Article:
Unless you are eloping, this is a question that almost every couple must answer. How much “religion” should you “impose” on your wedding ceremony guests? There is no right or wrong answer, but there are several practical considerations.
Traditionally all weddings have been done in either a religious setting, or by a Judge or Justice of the Peace. If your ceremony is the latter, you probably will not feel any need to incorporate any religious elements. In that case, the officiant is acting as an agent of the State, not as a representative of any religion and its traditions.
The questions arise when you are having a religious service. If the ceremony takes place inside a church or synagogue building, and is officiated by their priest, minister, or rabbi, then the couple pretty much has to accept whatever the religious officiant decides to say. To their credit, most officiants are considerate of the fact that a number of the guests may not subscribe to the same religion. But you cannot expect the officiant to back down on his beliefs, or those of his church or synagogue, just because some attendees may not agree. Again, most officiants are not looking for confrontation, but to express their own meaningful religious traditions in regards to their understanding of marriage. They rarely use the wedding ceremony as an attempt to make new converts!
The biggest challenge is when a couple is having their wedding ceremony in a non-church location, like a hotel or golf course, and are using a non-judicial officiant such as a minister. The first rule is not to let the officiant “surprise” you with his homily on the day of your wedding, with no advance notice. It is imperative that you require your offician to write out exactly what he or she will be saying during your ceremony. Only in this way can you be sure that nothing will be said that will offend you or your guests, or be inappropriate.
A lady told me that at one wedding she recently attended, the minister’s messages was about “The Three Rings of Marriage – Engagement Ring, Wedding Ring, and Suffer-Ring.” He went on to emphasize that marriage was often a lot of hard work and heartbreak, and not to expect everything to be good times. As you can imagine, the couple and their ceremony guests were appalled. This could easily have been prevented by the couple having the complete written ceremony in advance.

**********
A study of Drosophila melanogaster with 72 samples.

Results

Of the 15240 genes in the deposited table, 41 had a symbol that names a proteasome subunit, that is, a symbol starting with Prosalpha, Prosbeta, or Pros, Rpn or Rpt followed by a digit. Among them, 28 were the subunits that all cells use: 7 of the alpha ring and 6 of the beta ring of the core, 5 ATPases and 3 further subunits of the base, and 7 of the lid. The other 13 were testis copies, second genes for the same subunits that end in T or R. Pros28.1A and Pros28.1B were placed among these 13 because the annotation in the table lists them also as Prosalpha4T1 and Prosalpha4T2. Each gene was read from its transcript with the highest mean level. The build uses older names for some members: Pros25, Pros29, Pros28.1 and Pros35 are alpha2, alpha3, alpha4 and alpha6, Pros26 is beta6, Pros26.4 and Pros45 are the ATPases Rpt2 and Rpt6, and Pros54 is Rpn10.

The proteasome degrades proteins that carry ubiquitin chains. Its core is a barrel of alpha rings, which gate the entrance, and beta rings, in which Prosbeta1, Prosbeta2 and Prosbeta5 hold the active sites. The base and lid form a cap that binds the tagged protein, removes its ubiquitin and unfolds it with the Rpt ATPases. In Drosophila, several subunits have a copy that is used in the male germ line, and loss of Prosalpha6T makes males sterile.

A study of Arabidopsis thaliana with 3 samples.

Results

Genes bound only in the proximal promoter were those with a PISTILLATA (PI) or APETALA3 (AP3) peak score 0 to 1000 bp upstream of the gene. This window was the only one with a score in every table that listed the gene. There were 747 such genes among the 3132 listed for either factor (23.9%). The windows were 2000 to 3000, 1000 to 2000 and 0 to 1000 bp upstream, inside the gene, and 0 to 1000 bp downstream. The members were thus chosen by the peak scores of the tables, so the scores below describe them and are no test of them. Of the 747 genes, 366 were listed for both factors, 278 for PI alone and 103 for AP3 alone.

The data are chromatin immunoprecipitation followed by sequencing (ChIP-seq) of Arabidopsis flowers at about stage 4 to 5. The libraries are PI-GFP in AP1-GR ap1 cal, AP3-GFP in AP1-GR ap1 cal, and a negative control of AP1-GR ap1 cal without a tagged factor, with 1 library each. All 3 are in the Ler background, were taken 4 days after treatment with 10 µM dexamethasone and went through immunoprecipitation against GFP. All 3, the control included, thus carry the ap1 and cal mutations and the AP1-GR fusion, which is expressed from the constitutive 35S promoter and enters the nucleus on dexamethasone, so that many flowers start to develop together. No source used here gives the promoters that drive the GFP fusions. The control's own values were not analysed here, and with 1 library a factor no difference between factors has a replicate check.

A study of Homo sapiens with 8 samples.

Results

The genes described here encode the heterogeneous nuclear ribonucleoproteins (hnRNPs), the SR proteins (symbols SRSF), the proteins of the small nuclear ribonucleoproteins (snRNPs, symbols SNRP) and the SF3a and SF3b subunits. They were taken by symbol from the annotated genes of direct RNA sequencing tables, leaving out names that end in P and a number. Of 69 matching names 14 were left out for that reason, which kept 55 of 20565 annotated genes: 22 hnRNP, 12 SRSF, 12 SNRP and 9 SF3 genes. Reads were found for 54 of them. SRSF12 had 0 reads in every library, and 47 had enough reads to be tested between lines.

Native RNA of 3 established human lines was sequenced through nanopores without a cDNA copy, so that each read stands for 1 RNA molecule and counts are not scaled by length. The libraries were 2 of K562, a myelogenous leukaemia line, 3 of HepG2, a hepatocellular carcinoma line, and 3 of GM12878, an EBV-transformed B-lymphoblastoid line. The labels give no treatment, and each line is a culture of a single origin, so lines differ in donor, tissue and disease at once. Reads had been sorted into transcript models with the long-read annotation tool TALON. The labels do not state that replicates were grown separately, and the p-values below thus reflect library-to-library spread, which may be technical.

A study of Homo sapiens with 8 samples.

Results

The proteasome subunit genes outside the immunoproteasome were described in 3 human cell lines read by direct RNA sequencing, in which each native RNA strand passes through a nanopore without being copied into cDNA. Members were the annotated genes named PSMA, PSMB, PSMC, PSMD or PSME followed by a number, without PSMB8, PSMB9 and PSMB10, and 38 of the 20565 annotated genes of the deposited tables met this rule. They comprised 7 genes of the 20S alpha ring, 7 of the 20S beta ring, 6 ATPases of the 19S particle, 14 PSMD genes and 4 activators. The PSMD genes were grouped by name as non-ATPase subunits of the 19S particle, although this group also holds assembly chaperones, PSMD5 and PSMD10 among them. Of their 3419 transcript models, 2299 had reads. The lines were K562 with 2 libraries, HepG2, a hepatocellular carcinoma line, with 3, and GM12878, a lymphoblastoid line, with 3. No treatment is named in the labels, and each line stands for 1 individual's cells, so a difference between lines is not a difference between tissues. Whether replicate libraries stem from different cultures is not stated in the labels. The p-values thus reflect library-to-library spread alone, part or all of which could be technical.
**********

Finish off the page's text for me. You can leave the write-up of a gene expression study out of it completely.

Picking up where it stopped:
There are many religious (and/or ethnic) traditions that are unique and interesting to guests who don’t follow that particular religion. Jewish couples often incorporate the breaking of a glass. Some Irish couples do a Celtic “hand fasting.” Some African-American couples jump over a broomstick. These are what I would call “quasi-religious” in that they are pictorial representations, without dogmatic beliefs being expressed.
The hardest choice is whether or not to include religious readings and/or statements of beliefs during a ceremony. Certainly a couple has the right to express their own beliefs. Many feel they are getting married “before God and witnesses.” And they want to share at least a little of what that means to them as they start their life together. No couple should feel that someone else can determine and limit what they are expressing about themselves.
For example, the “Love Chapter of the Bible”, First Corinthians 13, is probably the most popular reading done at weddings, either civil, religious, or romantic. It is a beautiful sentiment that most feel has not been surpassed in literature anywhere. No one should be offended by it, in spite of the fact that it is found in the Christian Bible. And there are other beautiful, romantic sentiments found in various religious literature that should not offend anyone, since they focus on love and commitment, which are universal to all.
However, some religious traditions concerning husbands and wives are quite controversial, such as requiring the wife to “obey” her husband (see my previous blog on this subject). Others strongly encourage couples to have children (“be fruitful and multiply”), even stating that to be one of the central purposes of marriage. Some traditions have teaching limiting the relationship between the married couple and their parents. One popular teaching is that the union of a couple is an earthly picture of the union of mankind with God. These and many other doctrines have caused heated debates over the years. But surely the wedding ceremony should not be a place to start arguments among guests.
So the most practical path is to avoid religious controversies that might upset one’s wedding ceremony guests, and perhaps darken the activities to follow. Instead, it seems wisest for the ceremony to focus on friendship, love, romance, and the excitement of anticipating a long life married to one’s best friend. Plus the joy of sharing this wedding day with valued family and friends in a meaningful ceremony, and fun reception afterwards.